Nikki Haley Face the Nation

United Nations Ambassador Nikki Haley appears on CBS News' "Face the Nation" Sunday morning, where she said women who accuse anyone of sexual misconduct have a right to be heard. Screenshot.

United Nations Ambassador Nikki Haley said Sunday "the time has come" for women who have been mistreated or violated by men to speak up and be heard, even if those women are accusing President Donald Trump of misdeeds.

"I am incredibly proud of the women who have come forward. I'm proud of their strength. I'm proud of their courage. And I think that the idea that this is happening, I think it will start to bring a conscience to the situation, not just in politics, but in, you know, we've seen in Hollywood and in every industry. And I think the time has come," Haley told John Dickerson on CBS News' "Face the Nation."

Haley's comments come amidst a torrent of sexual harassment and misconduct allegations lodged against powerful men in Washington and in the film industry. 

This month, three members of Congress — U.S. Sen. Al Franken, D-Minn., U.S. Rep. Trent Franks, R-Ariz., and U.S. Rep. John Conyers, D-Mich. — have resigned following accusations of inappropriate sexual behavior or misconduct.

Before he was elected president, more than 10 women accused Trump of sexual misconduct. During the 2016 presidential campaign, the infamous "Access Hollywood" tape emerged, in which Trump can be heard making vulgar comments about women. 

When asked how Trump's accusers should be handled, Haley said those women should still be heard.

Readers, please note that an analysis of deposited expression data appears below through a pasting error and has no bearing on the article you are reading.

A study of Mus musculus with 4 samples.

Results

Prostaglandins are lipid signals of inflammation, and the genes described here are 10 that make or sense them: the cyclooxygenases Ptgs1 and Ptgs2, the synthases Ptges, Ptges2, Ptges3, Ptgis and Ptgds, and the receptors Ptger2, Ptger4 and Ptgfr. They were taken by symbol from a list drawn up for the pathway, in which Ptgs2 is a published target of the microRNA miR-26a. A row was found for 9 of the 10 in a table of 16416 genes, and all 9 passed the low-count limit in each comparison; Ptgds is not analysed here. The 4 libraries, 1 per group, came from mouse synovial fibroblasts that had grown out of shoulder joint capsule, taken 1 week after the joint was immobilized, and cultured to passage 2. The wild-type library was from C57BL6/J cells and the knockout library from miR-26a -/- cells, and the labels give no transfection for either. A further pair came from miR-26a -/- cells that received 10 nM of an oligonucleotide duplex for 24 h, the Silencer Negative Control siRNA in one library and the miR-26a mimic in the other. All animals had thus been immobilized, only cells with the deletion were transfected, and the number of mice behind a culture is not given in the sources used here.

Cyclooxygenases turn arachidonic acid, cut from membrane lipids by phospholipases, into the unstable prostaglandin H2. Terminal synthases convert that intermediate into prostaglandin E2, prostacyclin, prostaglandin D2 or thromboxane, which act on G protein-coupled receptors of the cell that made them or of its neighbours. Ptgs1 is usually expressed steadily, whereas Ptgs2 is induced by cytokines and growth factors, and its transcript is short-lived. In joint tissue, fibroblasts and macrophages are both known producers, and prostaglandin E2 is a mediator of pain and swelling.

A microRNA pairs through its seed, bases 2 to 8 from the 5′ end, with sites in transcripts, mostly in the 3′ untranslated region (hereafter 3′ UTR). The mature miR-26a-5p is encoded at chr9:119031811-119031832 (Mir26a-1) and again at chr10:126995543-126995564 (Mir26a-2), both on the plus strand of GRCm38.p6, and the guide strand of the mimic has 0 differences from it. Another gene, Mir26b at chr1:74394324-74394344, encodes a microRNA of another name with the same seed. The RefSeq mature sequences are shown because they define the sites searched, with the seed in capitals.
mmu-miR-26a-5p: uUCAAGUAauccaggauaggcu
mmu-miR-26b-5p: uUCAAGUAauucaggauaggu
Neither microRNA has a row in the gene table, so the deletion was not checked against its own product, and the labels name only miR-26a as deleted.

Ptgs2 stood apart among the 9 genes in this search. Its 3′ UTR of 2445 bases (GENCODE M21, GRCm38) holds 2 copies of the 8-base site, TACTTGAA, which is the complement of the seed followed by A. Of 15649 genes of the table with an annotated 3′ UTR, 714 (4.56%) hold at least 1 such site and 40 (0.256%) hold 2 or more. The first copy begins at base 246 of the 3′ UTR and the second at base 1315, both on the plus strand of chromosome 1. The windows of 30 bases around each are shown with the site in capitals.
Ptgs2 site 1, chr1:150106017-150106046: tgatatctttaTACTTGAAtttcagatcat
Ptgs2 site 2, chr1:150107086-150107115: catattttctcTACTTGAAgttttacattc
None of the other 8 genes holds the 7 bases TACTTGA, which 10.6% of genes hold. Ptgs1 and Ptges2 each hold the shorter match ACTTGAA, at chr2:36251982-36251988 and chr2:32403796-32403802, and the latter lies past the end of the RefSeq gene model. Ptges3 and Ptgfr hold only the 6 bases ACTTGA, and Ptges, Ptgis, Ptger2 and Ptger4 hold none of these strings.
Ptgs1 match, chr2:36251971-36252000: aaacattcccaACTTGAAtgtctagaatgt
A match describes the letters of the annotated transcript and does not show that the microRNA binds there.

"Well, I mean, you know, the same thing, is women who accuse anyone should be heard," the former South Carolina governor said. "They should be heard and they should be dealt with. And I think we heard from them prior to the election. And I think any woman who has felt violated or felt mistreated in any way, they have every right to speak up."

"And does the election mean that's a settled issue?" Dickerson then asked Haley.

Sign up for updates!

Get the latest political news from The Post and Courier in your inbox.

"You know, that's for the people to decide," she said. "I know that he was elected. But, you know, women should always feel comfortable coming forward. And we should all be willing to listen to them."

Haley's response contrasts with the answer U.S. Sen. Tim Scott, R-S.C., gave when he, too, was asked Sunday morning about how these accusations against Trump should be handled.

Speaking on "Meet the Press," Scott said an ethics investigation into embattled Alabama Senate candidate Roy Moore would happen immediately if Moore is elected. When asked whether an investigation should also be opened into the allegations Trump faces,  Scott said there is a difference between the two situations.

"I think people have had the opportunity during the 2016 election to come to a decision," he said.

Reach Caitlin Byrd at 843-937-5590 and follow her on Twitter @MaryCaitlinByrd.

Political Reporter

Caitlin Byrd is a political reporter at The Post and Courier and author of the Palmetto Politics newsletter. Before moving to Charleston in 2016, her byline appeared in the Asheville Citizen-Times. To date, Byrd has won 17 awards for her work.